If you've got a heap of extra cash waiting to be spent on something that will make your friends jealous, you might consider heading to Dallas on Sunday.
Heritage Auctions is offering four dinosaurs, including a "fighting pair" made up of an allosaurus and a stegosaurus, as well as 9-foot-tall shark jaws and more than 200 other curiosities of natural history. And while they may make excellent conversation pieces in an oversized living room, museums would hope that you'd donate them so that more people can see them and scientists can study them further.
The allosaurus and stegosaurus were found in 2007 in the Dana Quarry of Wyoming in a rare state: The stegosaurus's leg was in the allosaurus's mouth, meaning they could have been in combat at the moment of their death. The estimated price for the pair is $2.8 million, and they are thought to be about 155 million years old. Heritage says this is the first time that these dinosaurs have been found together. The bones have not been officially studied, but their scientific integrity has been preserved, said Yinan Wang, the auction house's natural history coordinator.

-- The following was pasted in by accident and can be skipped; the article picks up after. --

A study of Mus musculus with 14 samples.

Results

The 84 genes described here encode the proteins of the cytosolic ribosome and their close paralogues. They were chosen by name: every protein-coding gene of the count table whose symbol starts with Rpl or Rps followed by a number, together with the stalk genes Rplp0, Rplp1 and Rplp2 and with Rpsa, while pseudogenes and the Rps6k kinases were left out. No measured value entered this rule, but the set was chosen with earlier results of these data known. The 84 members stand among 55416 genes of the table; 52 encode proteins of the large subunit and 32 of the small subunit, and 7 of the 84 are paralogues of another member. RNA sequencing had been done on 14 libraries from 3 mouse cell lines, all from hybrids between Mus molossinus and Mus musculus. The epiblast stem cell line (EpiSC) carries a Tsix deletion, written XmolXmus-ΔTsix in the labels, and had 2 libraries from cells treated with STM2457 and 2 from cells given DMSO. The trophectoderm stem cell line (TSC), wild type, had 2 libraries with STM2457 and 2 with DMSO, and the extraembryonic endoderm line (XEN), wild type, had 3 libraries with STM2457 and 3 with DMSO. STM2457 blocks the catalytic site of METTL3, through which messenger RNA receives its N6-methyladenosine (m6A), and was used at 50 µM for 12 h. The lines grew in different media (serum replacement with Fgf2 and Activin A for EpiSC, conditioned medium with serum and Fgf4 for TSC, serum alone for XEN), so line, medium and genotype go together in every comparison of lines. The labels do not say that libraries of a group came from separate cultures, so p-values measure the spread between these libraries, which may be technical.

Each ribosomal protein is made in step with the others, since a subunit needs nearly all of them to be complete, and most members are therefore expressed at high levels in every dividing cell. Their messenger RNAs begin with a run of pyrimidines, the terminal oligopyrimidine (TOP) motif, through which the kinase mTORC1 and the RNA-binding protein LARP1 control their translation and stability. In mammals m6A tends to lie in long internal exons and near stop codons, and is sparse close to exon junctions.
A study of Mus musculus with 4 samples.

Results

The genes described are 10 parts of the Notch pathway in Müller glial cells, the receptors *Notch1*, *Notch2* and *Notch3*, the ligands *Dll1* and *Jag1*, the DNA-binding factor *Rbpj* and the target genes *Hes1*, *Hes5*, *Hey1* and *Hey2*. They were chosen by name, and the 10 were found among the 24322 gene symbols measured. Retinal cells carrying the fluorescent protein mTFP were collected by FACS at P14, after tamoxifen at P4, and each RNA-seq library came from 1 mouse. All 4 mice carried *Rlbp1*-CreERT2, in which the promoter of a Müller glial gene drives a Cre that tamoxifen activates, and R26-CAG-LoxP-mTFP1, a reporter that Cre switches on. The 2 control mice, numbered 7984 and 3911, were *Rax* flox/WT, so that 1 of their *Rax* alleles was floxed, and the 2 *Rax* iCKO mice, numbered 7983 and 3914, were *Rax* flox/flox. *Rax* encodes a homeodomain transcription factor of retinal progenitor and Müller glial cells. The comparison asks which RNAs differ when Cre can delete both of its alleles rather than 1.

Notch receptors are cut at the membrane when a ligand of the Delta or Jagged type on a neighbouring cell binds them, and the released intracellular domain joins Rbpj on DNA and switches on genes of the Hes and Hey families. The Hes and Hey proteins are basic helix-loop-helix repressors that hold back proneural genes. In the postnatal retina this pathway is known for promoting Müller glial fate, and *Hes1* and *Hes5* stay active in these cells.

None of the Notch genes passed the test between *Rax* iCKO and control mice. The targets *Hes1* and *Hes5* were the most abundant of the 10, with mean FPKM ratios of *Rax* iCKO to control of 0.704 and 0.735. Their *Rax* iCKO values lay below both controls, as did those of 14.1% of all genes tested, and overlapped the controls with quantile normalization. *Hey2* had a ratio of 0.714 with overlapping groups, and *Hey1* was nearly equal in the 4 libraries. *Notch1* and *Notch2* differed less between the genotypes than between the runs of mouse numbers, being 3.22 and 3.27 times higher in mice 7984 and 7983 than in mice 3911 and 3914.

And here's another source of wonder: two pieces of the famous Murchison meteorite, which fell near Murchison, Australia, in 1969. The rock contains amino acids, the building blocks of life, giving credence to the theory that the "stuff of life" on Earth came from elsewhere. Researchers are still trying to make sense of the organic compounds in its fragments.
The triceratops skeleton is particularly unusual because it has most of its teeth; often, skulls are found without any, said Tony Fiorillo, chief paleontologist at the Dallas Museum of Nature and Science. Teeth can provide insights into what it ate, and therefore might reveal other elements of its lifestyle. The triceratops and the giant shark jaws have been on display at the Dallas Museum of Nature and Science since before the auction.
Generally, most pieces in natural history auctions go to private collectors, said David Herskowitz, director of Heritage. Some people put fossils on display at their homes, others are stored away in crates. One client has an entire building on his property used as a "private museum."
But there have been cases where corporations have worked with public museums to acquire specimens in exchange for recognition of the corporation in the museum's display, which works out well for both parties, Fiorillo said.
"Museums are generally short on funding for the purchase of specimens like this. That‚Äôs unfortunately one of the realities," Fiorillo said.
"One of the things that I would hope is that many of these do end up in museum collections, because then they‚Äôd do the greatest amount of good," he added.
The auction takes place at 1 p.m. Sunday at the Tower Building in Dallas' Fair Park.